The Sunday Mail
On December 5, 2018 President Mnangagwa launched the National Environment Cleaning Day and declared that every first Friday of the month is a national clean-up day.
Since the declaration, Zimbabweans, the majority of whom are drawn from corporate bodies, have been religiously tidying up the streets and the environs in which they will be operating from on this set day.
It has, however, been noted that those that are not formally employed and some companies are not actively taking part in this noble initiative.
Instead, some individuals and companies will be watching from a distance as others engage themselves in this important voluntary community service.
Constitutionally, Zimbabweans are not compelled to engage in compulsory clean-up campaigns. Zimbabweans can draw lessons from Rwanda, a country which is renowned in Africa and the rest of the world for its cleanliness. Apart from the general cleanliness, Rwanda has well-maintained roads, paved streets and squeaky clean roads. The cleanliness in Rwanda did not, however, happen by accident.
Up until the 2000s, garbage was common in Rwanda and piles of burning trash were common. A well-executed and monitored national clean-up campaign transformed the East African company to become a shining example of how citizens can contribute to national development. The Rwandese government institutionalised a clean-up campaign strategy which makes it compulsory for all able-bodied people between the ages 18 and 65 to participate in the national clean-up campaign.
Unlike in Zimbabwe where the cleaning-up is on a voluntary basis, in Rwanda, police monitor the clean-up and those that will not participate will either be forced to take part or are heavily fined. Initially, the clean-up campaigns were met with resistance. The campaigns have, however, now become a part of the Rwandese lifestyle.
Another factor that is contributing to the cleanliness of Rwanda is the enforcement of a law banning the use of plastic bags.
Apart from the clean-up campaigns, the Rwandese government also employs full-time professional sweepers and those that maintain the roads.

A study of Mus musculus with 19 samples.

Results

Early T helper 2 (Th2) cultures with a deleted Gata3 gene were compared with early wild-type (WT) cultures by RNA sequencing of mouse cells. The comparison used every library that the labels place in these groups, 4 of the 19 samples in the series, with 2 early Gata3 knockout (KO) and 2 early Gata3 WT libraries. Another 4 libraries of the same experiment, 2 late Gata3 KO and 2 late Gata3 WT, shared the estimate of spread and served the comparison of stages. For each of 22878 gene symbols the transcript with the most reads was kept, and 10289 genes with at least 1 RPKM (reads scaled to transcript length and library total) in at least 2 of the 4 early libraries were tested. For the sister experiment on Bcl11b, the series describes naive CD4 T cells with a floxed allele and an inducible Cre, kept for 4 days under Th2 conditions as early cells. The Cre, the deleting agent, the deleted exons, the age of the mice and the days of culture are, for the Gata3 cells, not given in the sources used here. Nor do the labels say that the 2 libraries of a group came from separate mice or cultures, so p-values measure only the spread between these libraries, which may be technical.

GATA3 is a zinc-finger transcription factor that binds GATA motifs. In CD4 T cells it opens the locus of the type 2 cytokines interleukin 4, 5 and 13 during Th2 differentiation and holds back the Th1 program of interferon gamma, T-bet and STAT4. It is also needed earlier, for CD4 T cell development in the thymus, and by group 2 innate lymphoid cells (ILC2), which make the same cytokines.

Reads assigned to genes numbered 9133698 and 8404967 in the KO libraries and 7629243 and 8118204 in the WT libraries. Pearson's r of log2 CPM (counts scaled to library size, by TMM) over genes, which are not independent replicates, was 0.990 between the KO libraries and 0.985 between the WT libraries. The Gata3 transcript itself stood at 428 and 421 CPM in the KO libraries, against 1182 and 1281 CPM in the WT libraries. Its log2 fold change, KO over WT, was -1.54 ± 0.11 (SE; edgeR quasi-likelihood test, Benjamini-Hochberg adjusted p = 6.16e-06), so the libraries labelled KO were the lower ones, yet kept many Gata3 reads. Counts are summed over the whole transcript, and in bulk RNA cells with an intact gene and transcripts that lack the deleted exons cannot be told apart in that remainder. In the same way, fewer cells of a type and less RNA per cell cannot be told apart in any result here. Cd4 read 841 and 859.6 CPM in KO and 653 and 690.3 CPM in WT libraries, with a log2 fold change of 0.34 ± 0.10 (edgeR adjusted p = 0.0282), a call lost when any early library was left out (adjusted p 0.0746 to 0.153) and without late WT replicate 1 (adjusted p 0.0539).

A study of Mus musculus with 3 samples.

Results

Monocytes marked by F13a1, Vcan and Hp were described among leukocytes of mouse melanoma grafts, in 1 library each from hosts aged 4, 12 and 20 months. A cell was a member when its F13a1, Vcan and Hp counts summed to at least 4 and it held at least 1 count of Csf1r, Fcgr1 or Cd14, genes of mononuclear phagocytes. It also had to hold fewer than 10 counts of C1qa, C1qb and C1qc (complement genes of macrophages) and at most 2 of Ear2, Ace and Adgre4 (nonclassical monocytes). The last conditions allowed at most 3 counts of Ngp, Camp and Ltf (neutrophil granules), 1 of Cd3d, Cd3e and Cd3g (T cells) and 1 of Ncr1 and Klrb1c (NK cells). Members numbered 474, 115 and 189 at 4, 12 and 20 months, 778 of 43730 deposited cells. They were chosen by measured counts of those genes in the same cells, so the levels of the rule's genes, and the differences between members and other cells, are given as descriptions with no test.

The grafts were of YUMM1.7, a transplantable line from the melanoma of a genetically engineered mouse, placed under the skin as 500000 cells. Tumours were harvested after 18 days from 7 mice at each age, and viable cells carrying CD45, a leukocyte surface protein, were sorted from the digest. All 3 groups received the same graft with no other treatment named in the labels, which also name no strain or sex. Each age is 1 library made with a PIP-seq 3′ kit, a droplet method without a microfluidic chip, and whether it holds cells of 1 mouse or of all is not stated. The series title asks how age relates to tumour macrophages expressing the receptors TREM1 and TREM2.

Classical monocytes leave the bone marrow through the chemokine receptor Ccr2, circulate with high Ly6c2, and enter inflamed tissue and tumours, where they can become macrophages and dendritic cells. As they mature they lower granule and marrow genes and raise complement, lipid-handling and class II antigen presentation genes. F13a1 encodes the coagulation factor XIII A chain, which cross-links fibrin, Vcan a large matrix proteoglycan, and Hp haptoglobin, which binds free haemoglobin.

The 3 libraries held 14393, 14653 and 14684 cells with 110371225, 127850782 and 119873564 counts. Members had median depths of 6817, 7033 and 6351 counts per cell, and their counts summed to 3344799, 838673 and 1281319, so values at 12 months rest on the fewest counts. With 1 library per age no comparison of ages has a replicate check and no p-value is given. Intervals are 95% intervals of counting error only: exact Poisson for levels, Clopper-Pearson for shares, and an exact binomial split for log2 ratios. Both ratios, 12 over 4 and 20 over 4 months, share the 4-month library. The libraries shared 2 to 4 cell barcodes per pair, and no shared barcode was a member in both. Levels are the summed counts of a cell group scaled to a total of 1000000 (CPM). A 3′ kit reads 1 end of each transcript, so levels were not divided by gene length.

Last week, The Sunday Mail Society interviewed some of the people that took part in the clean-up campaign and heard their views in relation to how the campaign can be made much more effective. The majority of the participants said there is need for Zimbabwe to adopt some of the features that is making the clean-up successful in Rwanda.
Mr Talent Nharara, an executive with a funeral assurance company, said Zimbabwe must take a leaf from the Rwandese approach to anti-litter campaigns.
“The fight against litter should be institutionalised in our minds. We must not wait for the clean-up day. Collecting litter should become a lifestyle,” Mr Nharara said.
Mr Nharara, however, said Zimbabweans should be given time so that they appreciate the benefits of such an initiative before the campaigns are made compulsory.
“Since this programme is still in its infancy, people should be given time so that they become used to the idea. People must be taught about the importance of keeping the environment clean. In the
Mr Fungai Chiposi, who, in 2013, co-ordinated an anti-littering campaign that saw more than 2 500 volunteers cleaning the streets of Harare, said litter should be collected every day.
“Like they say, charity begins at home. We must first teach our children and family members about the dangers that are associated with littering. A man who does not take care of the environment cannot take care of his family,” Chiposi said.
Chiposi said some companies are commercialising the clean-up campaigns.
“Clean-ups should not be used as marketing gimmicks. Instead, they must be made compulsory so that all able-bodied people take part. The clean-up campaigns will be more effective if we make it compulsory,” Chiposi said.
Apart from working towards improving food security, the International Maize and Wheat Improvement Centre (CIMMYT) is among those organisations that heeded President Mnangagwa’s call to clean up the environment.
Turning the Harare-Mazowe highway into a sea of yellow, white, orange and grey shirts, the organisation also distributed educational materials to motorists.
More than 80 CIMMYT workers embarked on a cleaning awareness programme that targeted commuters that use the Harare-Mazowe highway.
Commuters have a tendency of throwing litter along highways.
Dr Cosmas Magorokosho, the CIMMYT official who was in charge of the campaign, spoke at length about the need to clean-up the environment.
“Issues to do with the environment are not just for the Environmental Management Agency or the Government. Instead, keeping the environment clean is everybody’s responsibility,” said Dr Magorokosho.
Dr Magorokosho said Zimbabwe should take a cue from Rwanda and come up with an effective waste management strategy.
In Zimbabwe, the law criminalises littering by individuals and companies.
Anti-littering laws makes it compulsory for motorists, both private and public, to provide bins in their vehicles for the safe and sustainable disposal of waste during travel.
Throwing litter off vehicles attracts a $20 fine or three months imprisonment.
Passenger vehicles must have litter bins for use by their passengers, failure of which they must pay a $20 fine.
The major challenge that the country is facing regarding litter is the enforcement of these laws. President Mnangagwa has called for the tightening of by-laws on littering as a way of conserving the environment.